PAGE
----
Is this reason enough to extract all wisdom teeth, as recommended by the American Association of Oral and Maxillofacial Surgeons (AAOMS) and many general practitioners?
Not in the judgment of the American Public Health Association. In its policy paper, "Opposition to Prophylactic Removal of Third Molars (Wisdom Teeth)," adopted November 2008, the association states:
Third-molar surgery is not without risk of injury. The most common injury is temporary and permanent paresthesia, which has been documented by numerous studies. Incidence of permanent paresthesia of the mandibular nerve varies from a low of 0.33% to a high of 1%. There is also injury to the temporomandibular joints (TMD/TMJ), which has been reported at 1.2% for patients aged 15 to 20 years. The nearly 6000 oral and maxillofacial surgeons account for 94% of the 10 million third-molar extractions in the United States annually, averaging 52.7 cases a month. Thus, an estimated 3.8 million people experience 5 million mandibular third-molar extractions each year. As a consequence, as many as 17,000 to 50,000 people have some degree of permanent mandibular nerve paresthesia and tens of thousands experience TMD/TMJ injuries, an unknown number of which also become permanent. Furthermore, patients experience an average of 2.7 days, more than 10 million days in aggregate, of discomfort and disability -- pain, swelling, bruising, and malaise -- and absence from school and loss of work and income after uncomplicated third-molar extractions. Other risks include inadvertent fractures of the jaws, damage to the maxillary sinus, damage to adjacent teeth, and occasional deaths attributed to general anesthesia.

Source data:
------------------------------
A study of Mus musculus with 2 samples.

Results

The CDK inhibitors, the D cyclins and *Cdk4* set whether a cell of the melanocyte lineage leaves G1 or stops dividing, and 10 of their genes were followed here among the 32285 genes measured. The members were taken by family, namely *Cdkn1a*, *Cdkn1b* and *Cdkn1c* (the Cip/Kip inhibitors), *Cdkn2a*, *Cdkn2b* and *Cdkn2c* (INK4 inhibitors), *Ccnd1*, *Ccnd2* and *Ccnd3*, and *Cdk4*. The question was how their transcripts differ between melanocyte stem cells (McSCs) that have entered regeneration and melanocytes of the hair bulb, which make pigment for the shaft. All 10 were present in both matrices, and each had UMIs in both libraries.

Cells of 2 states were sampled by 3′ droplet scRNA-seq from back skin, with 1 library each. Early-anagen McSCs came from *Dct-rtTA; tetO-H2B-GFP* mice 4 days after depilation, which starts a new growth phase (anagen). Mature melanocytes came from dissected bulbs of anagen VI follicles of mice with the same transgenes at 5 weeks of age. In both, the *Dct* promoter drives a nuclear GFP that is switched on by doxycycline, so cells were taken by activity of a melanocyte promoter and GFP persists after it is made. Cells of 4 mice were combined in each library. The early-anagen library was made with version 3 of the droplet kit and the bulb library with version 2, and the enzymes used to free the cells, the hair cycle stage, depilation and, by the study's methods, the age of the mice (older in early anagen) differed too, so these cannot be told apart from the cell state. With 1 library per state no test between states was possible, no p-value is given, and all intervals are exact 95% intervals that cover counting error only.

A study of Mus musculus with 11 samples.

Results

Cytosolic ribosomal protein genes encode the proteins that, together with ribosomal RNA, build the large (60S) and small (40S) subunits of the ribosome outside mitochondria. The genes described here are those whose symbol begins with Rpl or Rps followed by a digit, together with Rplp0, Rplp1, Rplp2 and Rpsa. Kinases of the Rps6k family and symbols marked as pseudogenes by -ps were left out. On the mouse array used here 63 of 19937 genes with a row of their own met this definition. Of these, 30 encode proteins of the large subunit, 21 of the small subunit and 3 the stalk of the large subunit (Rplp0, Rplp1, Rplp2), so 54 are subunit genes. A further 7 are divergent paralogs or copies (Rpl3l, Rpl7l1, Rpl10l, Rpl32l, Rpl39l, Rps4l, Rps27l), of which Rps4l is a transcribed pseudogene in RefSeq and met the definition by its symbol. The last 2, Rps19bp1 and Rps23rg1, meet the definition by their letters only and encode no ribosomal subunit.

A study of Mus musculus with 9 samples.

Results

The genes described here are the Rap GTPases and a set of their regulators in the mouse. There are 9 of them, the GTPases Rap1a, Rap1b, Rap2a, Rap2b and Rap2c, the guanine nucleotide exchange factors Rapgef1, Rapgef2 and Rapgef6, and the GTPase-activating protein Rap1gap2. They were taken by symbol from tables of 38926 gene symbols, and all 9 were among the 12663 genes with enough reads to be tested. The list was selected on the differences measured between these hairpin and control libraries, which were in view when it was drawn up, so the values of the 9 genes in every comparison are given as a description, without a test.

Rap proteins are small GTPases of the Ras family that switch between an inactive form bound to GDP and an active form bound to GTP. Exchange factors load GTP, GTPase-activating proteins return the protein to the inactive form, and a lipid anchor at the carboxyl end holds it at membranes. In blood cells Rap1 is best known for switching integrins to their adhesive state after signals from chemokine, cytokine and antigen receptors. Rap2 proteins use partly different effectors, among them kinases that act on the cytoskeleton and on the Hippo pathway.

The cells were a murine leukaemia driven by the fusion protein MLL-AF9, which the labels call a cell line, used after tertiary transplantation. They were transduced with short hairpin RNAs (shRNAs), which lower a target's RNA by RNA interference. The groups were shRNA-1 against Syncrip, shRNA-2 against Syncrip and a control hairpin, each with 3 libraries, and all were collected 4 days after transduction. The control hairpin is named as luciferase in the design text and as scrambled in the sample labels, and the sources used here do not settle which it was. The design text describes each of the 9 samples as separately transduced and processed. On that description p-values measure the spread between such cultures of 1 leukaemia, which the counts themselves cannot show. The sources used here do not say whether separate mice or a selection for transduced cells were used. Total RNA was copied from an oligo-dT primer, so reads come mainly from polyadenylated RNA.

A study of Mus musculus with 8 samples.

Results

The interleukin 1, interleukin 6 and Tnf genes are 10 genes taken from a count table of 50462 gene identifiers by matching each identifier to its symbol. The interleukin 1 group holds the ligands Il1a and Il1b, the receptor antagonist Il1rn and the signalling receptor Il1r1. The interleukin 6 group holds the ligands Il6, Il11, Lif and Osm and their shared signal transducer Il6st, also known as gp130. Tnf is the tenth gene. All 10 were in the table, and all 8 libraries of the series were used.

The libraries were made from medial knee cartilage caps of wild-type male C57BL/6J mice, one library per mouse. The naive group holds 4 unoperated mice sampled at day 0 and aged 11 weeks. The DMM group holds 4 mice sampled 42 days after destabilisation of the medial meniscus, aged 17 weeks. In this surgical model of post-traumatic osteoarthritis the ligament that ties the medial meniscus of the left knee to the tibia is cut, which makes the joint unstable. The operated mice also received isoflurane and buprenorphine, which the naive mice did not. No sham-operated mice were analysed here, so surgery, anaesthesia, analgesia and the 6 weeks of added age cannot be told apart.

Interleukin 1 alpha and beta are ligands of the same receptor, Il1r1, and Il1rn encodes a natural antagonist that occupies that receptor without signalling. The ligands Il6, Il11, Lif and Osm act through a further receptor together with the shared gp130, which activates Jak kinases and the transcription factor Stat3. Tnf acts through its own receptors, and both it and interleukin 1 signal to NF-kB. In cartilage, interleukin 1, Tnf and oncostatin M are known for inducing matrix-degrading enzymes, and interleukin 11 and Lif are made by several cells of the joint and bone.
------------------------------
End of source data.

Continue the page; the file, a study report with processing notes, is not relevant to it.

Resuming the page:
Why, then, do so many general practitioners and virtually all oral surgeons recommend prophylactic extraction of third molars, as if every wisdom tooth was diseased or likely to become diseased? For oral surgeons, it is multibillion-dollar business. On average, oral surgeons in private practice gross more than $518,000 annually from third-molar extractions.
But for general practitioners there is little incentive. Rather, many of them believe current myths propagated by the AAOMS, such as that most wisdom teeth become pathological and will cause or contribute to systemic disease, and that they cause crowding and overlapping of anterior teeth (Journal of Oral and Maxillofacial Surgery, March 2007, Vol. 65:3, pp. 377-383; AAOMS advertisement, USA Today, September 28, 2007). Many general practitioners also confuse the prevalence of a disease with its incidence in their dental offices. Their opinions are not based on long-term scientific studies but rather on their impressions. They are either unfamiliar with or unaware of the principles of evidence-based practice -- the gold standard of responsible treatment of patients.
Evidence-based practice relies on objective scientific outcomes studies, not the impressions or anecdotal reports of clinical practitioners. It is based on the weighing of risks versus benefits. In the case of wisdom teeth, the risks of prophylactic extraction outweigh the benefits. In the absence of compelling evidence of need, evidence-based practice does not support prophylactic extraction of wisdom teeth.
Jay Friedman, D.D.S., M.P.H., has published more than 60 papers in professional journals and is author of An Intelligent Consumer's Complete Guide to Dental Health. He has more than 50 years of experience as a clinician, university researcher, consultant, dental insurance administrator, and director of large group dental practices.